Greater London Authority (GLA) Emissions
The Greater London Authority (GLA) require construction sites in London to impose controls on exhaust emissions from construction plant. Equipment generally has to be of stage IIIB standard or better in central London and Canary Wharf, and IIIA or better on larger sites elsewhere in London. There is currently an exemption for all-terrain road going mobile cranes from the requirement for stage IIIB in central London and Canary Wharf.
The GLA are preparing to remove the current exemption for all-terrain road-going mobile cranes from the 1st September 2019. In addition, GLA plan for further restrictions on emissions in 2020, but due to the impact of COVID-19, this has been deferred to 28th February 2021.
Other local authorities are considering introducing controls on emission from construction machinery, and they will be strongly influenced by the GLA policy. This means that areas outside London may also be affected by these changes.
The following table shows the current and proposed requirements.
|Date of Application||Central London & Canary Wharf||Large Sites in Greater London||Small Sites in Greater London|
|Present||IIIA - Cranes are exempt from the requirement for IIIB||IIIA||No requirement|
|September 2019||IIIB (exemption removed)||IIIA||No requirement|
|Deferred to 28th Feb 2021 due to impact of COVID-19 (Oringally planned for 1st Sept 2020)||IV||IIIB|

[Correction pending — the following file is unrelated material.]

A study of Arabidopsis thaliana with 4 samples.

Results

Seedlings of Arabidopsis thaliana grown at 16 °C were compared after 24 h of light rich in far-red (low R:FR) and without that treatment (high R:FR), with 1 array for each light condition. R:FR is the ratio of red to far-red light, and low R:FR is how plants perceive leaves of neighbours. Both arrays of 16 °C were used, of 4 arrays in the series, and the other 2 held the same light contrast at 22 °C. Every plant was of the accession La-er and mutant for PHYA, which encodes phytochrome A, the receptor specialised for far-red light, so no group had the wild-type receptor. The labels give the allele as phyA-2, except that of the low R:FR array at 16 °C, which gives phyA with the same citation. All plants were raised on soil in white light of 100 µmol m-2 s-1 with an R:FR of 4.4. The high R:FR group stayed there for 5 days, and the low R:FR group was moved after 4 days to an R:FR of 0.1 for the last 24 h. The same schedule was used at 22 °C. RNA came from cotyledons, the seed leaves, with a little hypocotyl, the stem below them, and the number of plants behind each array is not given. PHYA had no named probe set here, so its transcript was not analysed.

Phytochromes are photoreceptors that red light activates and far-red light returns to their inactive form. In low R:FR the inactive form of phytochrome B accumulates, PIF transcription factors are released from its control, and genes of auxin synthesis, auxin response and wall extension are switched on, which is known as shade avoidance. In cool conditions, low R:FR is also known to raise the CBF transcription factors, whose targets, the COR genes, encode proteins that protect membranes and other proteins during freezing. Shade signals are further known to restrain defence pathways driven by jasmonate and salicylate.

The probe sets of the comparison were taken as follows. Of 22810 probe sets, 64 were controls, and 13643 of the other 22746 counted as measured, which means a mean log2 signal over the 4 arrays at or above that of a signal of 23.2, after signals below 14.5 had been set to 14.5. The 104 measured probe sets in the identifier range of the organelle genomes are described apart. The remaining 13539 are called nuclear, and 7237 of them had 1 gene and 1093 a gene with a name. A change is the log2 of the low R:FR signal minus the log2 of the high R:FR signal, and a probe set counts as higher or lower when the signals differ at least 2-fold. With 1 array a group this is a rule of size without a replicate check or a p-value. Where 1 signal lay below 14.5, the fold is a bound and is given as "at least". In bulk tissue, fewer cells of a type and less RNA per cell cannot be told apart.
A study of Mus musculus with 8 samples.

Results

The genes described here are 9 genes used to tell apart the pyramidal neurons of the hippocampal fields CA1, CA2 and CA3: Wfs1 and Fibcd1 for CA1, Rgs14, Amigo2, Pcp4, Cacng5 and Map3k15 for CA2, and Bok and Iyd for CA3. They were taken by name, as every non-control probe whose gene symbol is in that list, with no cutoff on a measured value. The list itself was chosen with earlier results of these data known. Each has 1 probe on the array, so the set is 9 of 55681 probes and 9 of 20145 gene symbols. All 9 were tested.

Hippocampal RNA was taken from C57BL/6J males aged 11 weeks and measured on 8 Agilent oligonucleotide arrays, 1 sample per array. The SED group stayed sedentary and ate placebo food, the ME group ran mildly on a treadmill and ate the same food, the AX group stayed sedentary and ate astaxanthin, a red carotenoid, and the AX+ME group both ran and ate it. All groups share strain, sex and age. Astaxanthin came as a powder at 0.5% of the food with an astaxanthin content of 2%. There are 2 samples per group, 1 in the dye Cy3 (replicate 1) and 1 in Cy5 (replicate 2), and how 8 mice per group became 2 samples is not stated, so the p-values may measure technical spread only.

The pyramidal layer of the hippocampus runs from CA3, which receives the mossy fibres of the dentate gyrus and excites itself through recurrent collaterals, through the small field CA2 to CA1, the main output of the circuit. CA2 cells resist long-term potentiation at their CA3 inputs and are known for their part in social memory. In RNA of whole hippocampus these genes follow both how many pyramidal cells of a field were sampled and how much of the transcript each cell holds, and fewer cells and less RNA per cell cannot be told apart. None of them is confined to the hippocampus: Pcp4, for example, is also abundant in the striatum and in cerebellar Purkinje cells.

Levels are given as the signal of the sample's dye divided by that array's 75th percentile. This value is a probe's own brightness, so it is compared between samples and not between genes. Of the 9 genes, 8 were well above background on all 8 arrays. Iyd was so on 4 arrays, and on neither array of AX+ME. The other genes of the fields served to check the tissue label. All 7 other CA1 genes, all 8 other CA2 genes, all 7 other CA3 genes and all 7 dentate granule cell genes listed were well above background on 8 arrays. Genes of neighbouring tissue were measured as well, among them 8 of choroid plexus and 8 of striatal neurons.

Frequently Asked Questions
Q) We do not hire cranes, we specialise in MEWPs (Mobile Elevating Work Platforms). Do these come within scope of the proposals?
A) MEWPs do come within the general requirements from 2015, and the step change in 2020. CPA will be talking with IPAF and other industry bodies to help prepare the sector. The particular change that GLA are considering in 2018 applies only to the (current) exemption for mobile cranes, and has no impact on MEWPs.
Q) What about Crawler Cranes that do not travel on the road. Is anyone making it clear that there is a difference?
A) There was a block exemption for crawler cranes when the controls were first introduced in 2015. However, this was removed in 2016 because GLA had evidence that sufficient crawler cranes were available to meet demand, and there was no continuing justification for the block exemption. It is possible for a site to request exemptions for machines, but this has to be done on a case-by-case basis.
Q) Are GLA looking for a total ban or will there be a daily charge?
A) The GLA do not have the statutory powers to levy any charges for this, as the rules are made under planning legislation. The principle is that it is a total ban, although sites can apply for exemption for particular machines on a case-by-case basis.